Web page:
He had a chat with the team recently about the difference between tunnel vision and awareness, and when he shared this conversation with me, I couldn’t help but see the parallel with my work.

He noticed how the kids get laser focused on one aspect of the game—the batter, the ball, their own position—with little awareness about what’s happening elsewhere on the field. This tunnel vision, of course, blinds them and prevents them from seeing the wholeness of the game and all the possibilities available to them.

Side note: I do believe my husband’s passion for these kinds of conversations with the team is inspired by the phenomenal coaching skills of Ted Lasso. If you’ve not watched it, it’s good medicine. 

From Baseball to Healing

Awareness, and more specifically self-awareness, is central to my healing and my work. Self-awareness is, simply put, being present to and conscious of our internal and external experiences. What I’ve noticed is that many folks don’t distinguish between self-awareness and hypervigilance, especially when it comes to their symptoms, feelings, sensations, or behaviors.

Like the players whose tunnel vision blinds them to the whole story on the field, our heady laser-like focus (aka hypervigilance) on our mental, emotional, and physical bodies, actually pulls us farther away from awareness, tethering us to the narrow walls of our mind and distracting us from our wholeness and from possibility.

Moving away from hypervigilance and toward awareness builds our capacity to be where we are—with symptoms, dis-ease, tough feelings—with less suffering and more flow. In this space healing is a natural side-effect.

The Heart of Self-Awareness

Embodiment

There is so much nuance to our existence. We are not either self-aware or hypervigilant. Both states live in us, but our access to them varies. Furthermore, self-awareness and hypervigilance, while dissimilar, do not oppose each other. That is, the part of us that relies on hypervigilance and the part of us that embodies self-awareness both want the same thing. They just go about it in different ways.

Here’s the thing: Hypervigilance is often a trauma response that served to protect us at some point in our lives. It is simply scanning for danger, and it’s a natural side effect of the disconnection from our body and the environment that happens with chronic stress or trauma. We get pulled out of the body and the present moment when things feel too much, too fast, or too soon. At the risk of sounding repetitive, hypervigilance is your system’s best attempt to create a much-needed sense of safety (thank you, nervous system). I emphasize this, because I want you to know that nothing is wrong IN you when you’re hypervigilant, even if it feels wrong FOR you. 

But this act of self-protection all happens in the mind; when we’re hypervigilant, we’re THINKING about (and often analyzing) our body but we’re not actually IN it. This, in turn, perpetuates our disembodiment by sending danger signals to the brain. To heal, we must reconnect to our body and our environment in a slow, safe way.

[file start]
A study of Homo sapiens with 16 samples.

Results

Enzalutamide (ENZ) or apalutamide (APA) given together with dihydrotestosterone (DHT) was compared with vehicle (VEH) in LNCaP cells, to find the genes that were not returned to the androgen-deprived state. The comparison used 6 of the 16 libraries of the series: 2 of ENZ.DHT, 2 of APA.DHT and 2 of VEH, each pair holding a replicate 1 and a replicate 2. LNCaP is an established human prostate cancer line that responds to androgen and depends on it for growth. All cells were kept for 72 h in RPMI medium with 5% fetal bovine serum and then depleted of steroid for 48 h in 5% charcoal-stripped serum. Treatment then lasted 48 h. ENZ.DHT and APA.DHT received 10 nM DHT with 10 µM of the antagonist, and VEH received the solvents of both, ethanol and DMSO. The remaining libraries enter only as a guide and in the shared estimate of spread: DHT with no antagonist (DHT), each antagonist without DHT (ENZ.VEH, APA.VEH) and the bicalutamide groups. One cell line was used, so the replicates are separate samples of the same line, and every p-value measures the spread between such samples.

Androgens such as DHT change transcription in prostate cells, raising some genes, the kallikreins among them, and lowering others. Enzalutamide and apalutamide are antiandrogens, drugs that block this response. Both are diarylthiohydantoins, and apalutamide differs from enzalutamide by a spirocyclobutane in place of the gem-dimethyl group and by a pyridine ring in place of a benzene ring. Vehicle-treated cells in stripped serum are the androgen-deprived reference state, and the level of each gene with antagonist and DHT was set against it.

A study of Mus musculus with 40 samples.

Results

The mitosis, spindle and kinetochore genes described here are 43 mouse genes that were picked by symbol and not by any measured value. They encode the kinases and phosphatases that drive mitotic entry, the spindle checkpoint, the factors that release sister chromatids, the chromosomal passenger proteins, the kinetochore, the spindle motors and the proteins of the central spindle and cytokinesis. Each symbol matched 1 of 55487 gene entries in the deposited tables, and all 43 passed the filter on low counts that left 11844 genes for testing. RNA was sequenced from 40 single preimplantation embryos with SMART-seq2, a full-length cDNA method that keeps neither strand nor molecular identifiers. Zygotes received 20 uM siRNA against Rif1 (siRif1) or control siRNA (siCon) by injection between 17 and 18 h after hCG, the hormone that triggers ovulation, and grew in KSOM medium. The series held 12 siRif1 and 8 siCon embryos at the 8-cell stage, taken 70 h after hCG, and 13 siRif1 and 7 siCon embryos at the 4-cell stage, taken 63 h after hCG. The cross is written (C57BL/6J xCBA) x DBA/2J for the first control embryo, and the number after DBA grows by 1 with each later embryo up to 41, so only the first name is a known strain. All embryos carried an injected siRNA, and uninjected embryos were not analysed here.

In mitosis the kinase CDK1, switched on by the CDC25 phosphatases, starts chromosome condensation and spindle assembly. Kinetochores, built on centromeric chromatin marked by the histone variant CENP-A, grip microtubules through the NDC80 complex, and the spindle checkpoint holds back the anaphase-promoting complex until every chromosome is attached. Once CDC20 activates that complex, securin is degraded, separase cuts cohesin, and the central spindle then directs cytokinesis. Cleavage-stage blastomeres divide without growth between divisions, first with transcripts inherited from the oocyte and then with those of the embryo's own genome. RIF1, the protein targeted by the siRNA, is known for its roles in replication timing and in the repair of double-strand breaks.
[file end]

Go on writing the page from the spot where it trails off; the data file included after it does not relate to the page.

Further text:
This is the first and most important part of cultivating self-awareness. The more we are in our bodies, the more we can be deeply aware of and present to our inner experience, feelings, thoughts, energy, beliefs.

Know that, no matter where you are on the spectrum of hypervigilance and self-awareness, you are right where you need to be. As you practice being in and with your body, remember that the part of you that turns to hypervigilance ultimately needs your compassion, even as you shift your intention and attention more and more towards awareness.

Education

We don’t know what we don’t know. If we don’t know how the human nervous system works, and more importantly, how our unique being tends to move through and respond to the world, it’s very difficult to cultivate revolutionary levels of self-awareness.

Even though hypervigilance begins as a trauma response, it flourishes in the absence of knowledge about the brain, nervous system, and neuroplasticity, even when safety is present in the here and now. We need to have a basic understanding of our neuroanatomy and its healing potential so that we can accurately perceive and honor our body’s messages. If, for example, we know what an activated fight/flight state looks and feels like in our body, and we know practices to either release or contain that stress physiology, we can more comfortably and healthfully move through it. When we don’t know what’s happening we may be frightened by the racing heart, the tight chest, or the pain in our gut. This can lead to more hypervigilance or to coping in ways that keeps this stress energy locked in our bodies.

Getting to know neuroanatomy serves to halt the feedback loop that is hypervigilance and catalyze a new feedback loop of embodied awareness.

Practice

Once we have knowledge, we must bring it to life in our practice. Shifting away from tunnel vision and moving toward self-awareness requires repeated doses of this medicine. Know self-awareness is not an end-state to achieve; rather, it is an unfolding and an evolution in the story of our wholeness. It’s not unlike our healing in that way. Every chapter is right and good and enough by itself, AND you can count on another chapter to offer a deeper understanding of your wholeness.

More Information

Here’s a bit about self-awareness from an earlier blog.

You can download my Self-Awareness Starter Prompts (at the top of this page) to start practicing!

You can also check out the details of my course that’s all about cultivating revolutionary levels of self-awareness. If it’s something you’re interested in, send me a note, and I’ll include you on the wait list for the next round (dates TBD).